How to Help Your Cat Settle Into a New House?

By October 20 | See Comments



Preparatory steps
  • Give your cat time to get used to the carrier. You can leave it open with a comfortable bed inside. Leave a few treats in it that your cat can find on his own. Over time, you can start feeding him in it. If your cat does not want to enter the carrier, just place his dish next to it. Slowly, you can place it inside the carrier near the opening. Once your cat gets used to it, you can place it all the way back.
  • Put out the moving boxes a few weeks before you move so that your cat can get used to them. If he gets nervous while you are packing, then it is a good idea to confine him.
  • If your cat is nervous, skittish or easily stressed, speak to the vet. He/she might be able to prescribe anti-anxiety medication to make the moving process easier for your cat.
Settling In
  • Cat-proof your new house. Plug up all the nooks, tuck away the electrical cords and make sure that the windows have secure screens. Remove poisonous plants and make sure that there are no pest control traps in the house.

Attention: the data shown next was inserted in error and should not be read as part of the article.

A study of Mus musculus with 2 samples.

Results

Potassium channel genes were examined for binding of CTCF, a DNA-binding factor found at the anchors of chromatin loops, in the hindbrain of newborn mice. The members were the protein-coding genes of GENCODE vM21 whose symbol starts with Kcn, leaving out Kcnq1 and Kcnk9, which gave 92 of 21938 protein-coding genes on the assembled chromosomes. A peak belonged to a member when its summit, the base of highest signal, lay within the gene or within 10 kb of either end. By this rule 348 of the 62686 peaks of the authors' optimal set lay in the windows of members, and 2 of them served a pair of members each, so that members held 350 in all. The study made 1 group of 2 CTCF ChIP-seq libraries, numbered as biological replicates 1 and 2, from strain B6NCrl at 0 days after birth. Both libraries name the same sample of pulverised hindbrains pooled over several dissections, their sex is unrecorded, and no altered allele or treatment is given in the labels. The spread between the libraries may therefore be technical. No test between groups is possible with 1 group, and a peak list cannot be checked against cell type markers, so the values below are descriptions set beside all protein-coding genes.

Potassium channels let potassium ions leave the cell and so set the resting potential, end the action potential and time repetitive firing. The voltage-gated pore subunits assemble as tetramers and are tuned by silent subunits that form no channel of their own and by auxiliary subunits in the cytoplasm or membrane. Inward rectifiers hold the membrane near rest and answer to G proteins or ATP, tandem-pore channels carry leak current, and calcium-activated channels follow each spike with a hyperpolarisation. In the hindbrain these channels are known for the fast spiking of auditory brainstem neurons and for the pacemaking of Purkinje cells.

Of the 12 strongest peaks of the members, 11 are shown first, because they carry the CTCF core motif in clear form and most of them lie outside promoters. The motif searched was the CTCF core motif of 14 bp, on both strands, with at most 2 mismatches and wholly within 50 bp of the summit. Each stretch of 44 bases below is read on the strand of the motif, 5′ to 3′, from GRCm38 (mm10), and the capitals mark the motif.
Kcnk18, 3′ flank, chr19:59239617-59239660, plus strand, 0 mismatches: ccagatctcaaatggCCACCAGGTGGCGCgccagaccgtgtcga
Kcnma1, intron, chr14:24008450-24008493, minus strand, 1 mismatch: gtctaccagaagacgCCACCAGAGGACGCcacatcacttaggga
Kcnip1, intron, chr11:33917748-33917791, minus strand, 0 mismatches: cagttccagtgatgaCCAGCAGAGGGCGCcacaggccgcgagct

• Take your cat to a room that is quiet. Before you open the carrier, set up his water and food bowls, bed and litter box. Hide a few treats around the room so that your cat will be encouraged to explore the new surroundings.
  • Keep him in this room for the first few days. This will allow him to get used to the smells, sights and sounds without getting overwhelmed. Confining him to one room will also make it much easier for him to locate his litter box, water and food.
  • Spend some time with him in this room doing low key activities like watching TV or reading. As he begins to explore the environs, offer him treats, attention and playtime.
  • When you are done unpacking, gradually allow him to access the rest of the house. If it is not possible to close the doors, closely supervise him when he explores.
  • Make sure that there is a second litter box where you’d want to keep it eventually. Once your cat has settled into the new house, you can remove the litter box from the temporary room. Alternatively, you can also transfer the litter box from the temporary room to the preferred location. To ensure that your cat does not lose track, move it just a foot or so away each day.